The need to form relationships seems to be built into the DNA of humanity. We are, after all, a social species, and though each of us is born, lives our entire lives, and dies within a cage of bone, muscle, and tissue, relationships enable us to feel connected to others of our species. Our relationships define us, and their importance to making us who we are cannot be measured. Relationships are essential to emotional growth and development, and both the soul and, it has been proven, the body are stunted without it. The very thought that there are, in fact, a very few individuals among the 7 billion-plus of us who, for whatever reason, are unable or in some manner denied the opportunity to establish some sort of relationship with another human being is both terrifying and infinitely sad.
Most people give little thought to the power or importance of relationships. Why should they? They are, to most, as natural a part of life as breathing. There are an almost infinite number of types of relationship, and an almost infinite number of levels within each type, that attempting anything other than a cursory examination can become mind-boggling.
The most elemental of human relationships is that between parents and their children, and creates a very intense and unique bonding we define as love. Like a stone dropped onto a calm surface of water, this primary human relationship radiates concentric circles of relationships of varying intensity. Secondary to the parent/child relationship are relationships to siblings and relatives and then friends and acquaintances, social and work. And each level of relationship provides another element essential to human existence: validity of one's worth.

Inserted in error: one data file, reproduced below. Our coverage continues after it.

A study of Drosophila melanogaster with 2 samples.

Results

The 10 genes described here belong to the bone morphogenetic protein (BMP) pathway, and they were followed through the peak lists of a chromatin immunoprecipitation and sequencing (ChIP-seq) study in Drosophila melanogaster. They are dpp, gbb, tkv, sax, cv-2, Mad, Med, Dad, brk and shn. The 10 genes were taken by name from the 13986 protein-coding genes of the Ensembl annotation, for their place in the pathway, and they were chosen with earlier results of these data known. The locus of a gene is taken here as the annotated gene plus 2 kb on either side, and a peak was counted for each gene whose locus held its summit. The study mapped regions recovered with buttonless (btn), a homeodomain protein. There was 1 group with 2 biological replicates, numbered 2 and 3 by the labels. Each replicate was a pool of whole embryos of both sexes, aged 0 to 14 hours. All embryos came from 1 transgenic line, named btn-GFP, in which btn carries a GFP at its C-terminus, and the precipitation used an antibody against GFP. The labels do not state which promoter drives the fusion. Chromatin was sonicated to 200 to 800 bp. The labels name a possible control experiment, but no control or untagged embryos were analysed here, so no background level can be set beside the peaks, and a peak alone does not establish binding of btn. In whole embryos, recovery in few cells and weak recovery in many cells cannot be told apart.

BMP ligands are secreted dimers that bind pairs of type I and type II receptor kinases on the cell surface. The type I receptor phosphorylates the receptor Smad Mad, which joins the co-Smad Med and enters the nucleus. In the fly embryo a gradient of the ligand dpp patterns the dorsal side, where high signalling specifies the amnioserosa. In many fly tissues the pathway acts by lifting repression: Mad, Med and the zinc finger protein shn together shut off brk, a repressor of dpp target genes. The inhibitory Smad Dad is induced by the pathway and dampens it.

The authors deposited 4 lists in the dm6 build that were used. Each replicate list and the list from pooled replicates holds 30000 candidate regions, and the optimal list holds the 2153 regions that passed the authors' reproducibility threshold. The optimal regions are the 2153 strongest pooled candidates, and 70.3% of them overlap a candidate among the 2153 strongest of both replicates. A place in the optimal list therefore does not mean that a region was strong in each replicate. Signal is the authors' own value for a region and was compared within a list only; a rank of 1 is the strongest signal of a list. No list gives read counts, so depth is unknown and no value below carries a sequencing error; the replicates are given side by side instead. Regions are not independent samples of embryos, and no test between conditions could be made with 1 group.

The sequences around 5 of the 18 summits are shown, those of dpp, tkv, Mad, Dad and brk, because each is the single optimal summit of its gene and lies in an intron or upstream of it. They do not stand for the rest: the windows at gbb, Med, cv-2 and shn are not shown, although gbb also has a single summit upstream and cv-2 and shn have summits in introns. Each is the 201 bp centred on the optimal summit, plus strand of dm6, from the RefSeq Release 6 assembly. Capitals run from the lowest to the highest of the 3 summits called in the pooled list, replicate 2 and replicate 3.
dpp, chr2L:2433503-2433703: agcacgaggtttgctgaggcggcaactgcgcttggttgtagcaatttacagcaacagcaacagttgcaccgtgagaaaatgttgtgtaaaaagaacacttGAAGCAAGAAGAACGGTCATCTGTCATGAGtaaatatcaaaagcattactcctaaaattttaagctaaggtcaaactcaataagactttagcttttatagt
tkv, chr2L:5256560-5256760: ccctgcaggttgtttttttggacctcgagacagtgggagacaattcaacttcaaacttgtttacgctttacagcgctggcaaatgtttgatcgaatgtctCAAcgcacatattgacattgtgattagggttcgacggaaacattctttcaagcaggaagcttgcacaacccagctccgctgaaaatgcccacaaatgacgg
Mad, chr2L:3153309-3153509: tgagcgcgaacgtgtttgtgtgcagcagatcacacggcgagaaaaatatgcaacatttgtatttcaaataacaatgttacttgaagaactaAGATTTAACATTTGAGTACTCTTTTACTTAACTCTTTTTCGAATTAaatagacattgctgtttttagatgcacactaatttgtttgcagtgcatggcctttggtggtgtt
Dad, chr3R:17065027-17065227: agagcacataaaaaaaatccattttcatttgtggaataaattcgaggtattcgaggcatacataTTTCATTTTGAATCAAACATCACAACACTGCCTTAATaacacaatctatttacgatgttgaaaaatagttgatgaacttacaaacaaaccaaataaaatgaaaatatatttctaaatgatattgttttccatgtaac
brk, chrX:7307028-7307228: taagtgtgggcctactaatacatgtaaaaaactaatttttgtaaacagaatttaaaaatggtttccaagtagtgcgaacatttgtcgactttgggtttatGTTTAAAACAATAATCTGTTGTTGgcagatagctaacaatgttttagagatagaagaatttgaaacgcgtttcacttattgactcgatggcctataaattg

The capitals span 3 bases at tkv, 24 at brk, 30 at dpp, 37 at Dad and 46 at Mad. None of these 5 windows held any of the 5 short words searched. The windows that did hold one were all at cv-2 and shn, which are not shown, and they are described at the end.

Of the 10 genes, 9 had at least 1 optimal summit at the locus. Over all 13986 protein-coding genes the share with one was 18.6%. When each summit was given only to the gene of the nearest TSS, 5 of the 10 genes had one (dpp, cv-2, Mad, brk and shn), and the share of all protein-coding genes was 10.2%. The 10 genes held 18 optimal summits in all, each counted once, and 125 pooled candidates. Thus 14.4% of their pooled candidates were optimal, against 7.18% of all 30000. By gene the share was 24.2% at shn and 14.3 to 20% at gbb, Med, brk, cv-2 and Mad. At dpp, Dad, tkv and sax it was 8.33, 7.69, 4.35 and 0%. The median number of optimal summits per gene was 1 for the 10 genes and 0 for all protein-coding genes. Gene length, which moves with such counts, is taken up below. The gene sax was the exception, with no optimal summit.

Of all the types of relationship, romantic relationships are unique in that they involve a factor not present in any other: sexual attraction.
I consider it one of the greatest deprivations in my life the fact that I do not have--and undoubtedly never will have again--one other human being with whom I can share that most special of relationships; the sense of being one half of a whole. And as a soul-deep romantic, it's impossible to really convey what this lack means. And there are vast numbers of people who, as they grow older, see the vital inner ripples of relationships...parents, siblings, close friends...disappear from their lives. Being able to adjust to these losses, to substitute other forms of validation, is essential to maintaining stability.
Fortunately, I have a few close friends with whom I can share much of my life, whose company I enjoy, and whose emotional support I can always rely upon. I can't imagine being without it. I am closer to my best friend, Gary, probably, than I am to anyone else with the possible exception of my relatives, and yet, as much as I treasure it, it is utterly devoid of the element of romantic love. (The very idea of there being anything even remotely romantic between the two of us would produce the same result as chewing tinfoil.) Yet I am often amused by the fact that many people, who see us together nearly every day, seem to automatically assume that we are something more than we are.
One of my favorite TV shows is Supernatural, the adventures of two brothers devoted to fighting various demons, ghouls, ghosties, shape-shifters, and other unworldly creatures. That I find the actors playing the brothers extremely attractive is amplified by the fact that, in the show, they are often mistaken for lovers.
In the final analysis, it is not necessary for us to make charts and graphs of our relationships, or of what elements comprise them. That would be rather like peeling all the petals off a rose just to see what makes it beautiful. Let it suffice that we be perhaps a little more aware of the value of the relationships in our lives, and considerably more grateful for having them.
Dorien's blogs are posted by 10 a.m. every Monday, Wednesday, and Friday. Please come back.